Fortean Times, January 2004

The prophet and the astronomer: A scientific journey to the end of time
Marcelo Gleiser
WW Norton 2002
HB, $26.95, ppxv+256+32 plates, illus, notes, bibl, index ISBN: 0 393 04984 6

In 1997, Brazilian astrophysicist Marcelo Gleiser published his acclaimed 'The Dancing Universe: From Creation Myths to the Big Bang', examining how modern theories of the universe's origin recall ancient creation myths. In this semi-sequel, he addresses the other end of the story, from mythological apocalypses to current scientific thought on the ultimate fate of the universe.

Gleiser kicks off the eschatological adventure with an overview of astrological and meteorological portents and legends of destruction from the sky, taking in highlights of Zoroastrian, Jewish, Christian and other mythoi. A more scientific consideration of the world and its fate gradually emerged with Newton's studies of the heavens motivated, in part, in an attempt to precisely date biblical events and to work out how long we had to wait until Judgment Day. Gleiser also includes a run through of apocalyptic cults, from militant Anabaptists in 16th century Germany to the comet-hitching Heaven's Gate mass suicide of 1997.

The second part of the book looks at the cataclysmic events that have shaped the solar system and the evolution of life on Earth, although some readers may be disgruntled by the lack of any credit to Velikovsky, the arch proponent of 'worlds in collision'. There's a disturbing account of what happens when a major meteorite hits, such as the one at Chicxulub which doomed the dinosaurs, and the worrying note that it's not a matter of whether another serious impact will happen, but when.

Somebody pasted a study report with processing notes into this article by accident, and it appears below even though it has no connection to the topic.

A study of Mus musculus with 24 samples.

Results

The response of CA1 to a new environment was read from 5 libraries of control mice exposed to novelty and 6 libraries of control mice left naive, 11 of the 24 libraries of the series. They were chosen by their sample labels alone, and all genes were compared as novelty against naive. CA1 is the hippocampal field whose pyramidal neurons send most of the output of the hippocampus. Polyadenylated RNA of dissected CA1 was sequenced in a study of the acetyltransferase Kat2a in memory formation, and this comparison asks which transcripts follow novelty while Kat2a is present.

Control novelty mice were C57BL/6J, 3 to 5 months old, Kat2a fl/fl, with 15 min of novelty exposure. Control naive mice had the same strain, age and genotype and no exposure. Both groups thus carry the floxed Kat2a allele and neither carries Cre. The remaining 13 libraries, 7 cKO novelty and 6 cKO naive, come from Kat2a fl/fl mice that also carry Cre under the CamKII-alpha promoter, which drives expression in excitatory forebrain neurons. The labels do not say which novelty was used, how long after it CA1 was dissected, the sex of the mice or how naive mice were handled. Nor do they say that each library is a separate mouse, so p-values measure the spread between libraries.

Gleiser then considers the same questions of apocalypse and fate on a stellar and galactic level, moving from legends of the sun-worshipping Inca and Shinto cultures to the sun's likely end as a self-devouring red giant. Other stars have more spectacular ends as supernovae, another phenomenon taken as a celestial portent, and then there's that great cosmic bogeyman, the black hole – an excuse for Gleiser to provide a painless introduction to the theory of relativity and an idiosyncratic account of the effects of a black hole on an unwary space traveller, presented as a rewriting of Poe's 'A Descent into the Maelstrom'.

The final section turns to the really big question of the ultimate fate of the universe. Cosmologists are now confident that the universe is expanding, but do not yet know whether this expansion will slow, stop and reverse into the inevitability of the Big Crunch; or whether it will continue until entropy takes dominion over all - a cosmic version of Robert Frost's dilemma over the world ending in fire or ice. The key to the ultimate fate of the universe lies in exactly what happened in its first moments, before energy, matter and the fundamental forces separated into their discrete identities. Answering that question will depend on constructing that holy grail of modern physics, the Theory of Everything (TOE) – what Gleiser playfully suggests should rather be called the Geometry of Destiny (GOD).

Addressing issues of science and religion and their approaches to these fundamental questions can be a controversial undertaking. While many people, including many scientists, prefer to separate the two, Gleiser argues that science can do more than just provide a rational view of the world which can then be reconciled with religion, but that it can transcend its immediate role of quantifying the workings of nature through the efforts to understand the unknown, the fundamental impulse behind both science and religion. The common element is the anxieties rising from a finite existence in an apparently infinite cosmos. And as he notes in the last pages, the more we know about the universe, the more we seem not to know.

'The Prophet and the Astronomer' is elegantly written throughout, even in this translation from the original Portugese, with eloquent summaries of ancient myth and modern cosmology interspersed with personal reminiscence which helps put the romance back into astrophysics. My only quibble is with the offputtingly New Agey and somewhat misleading title of this English (or rather, American) translation. I would much prefer the original Portugese title, which translates as something like 'The end of the Earth and the Sky: the apocalypse in science and religion'.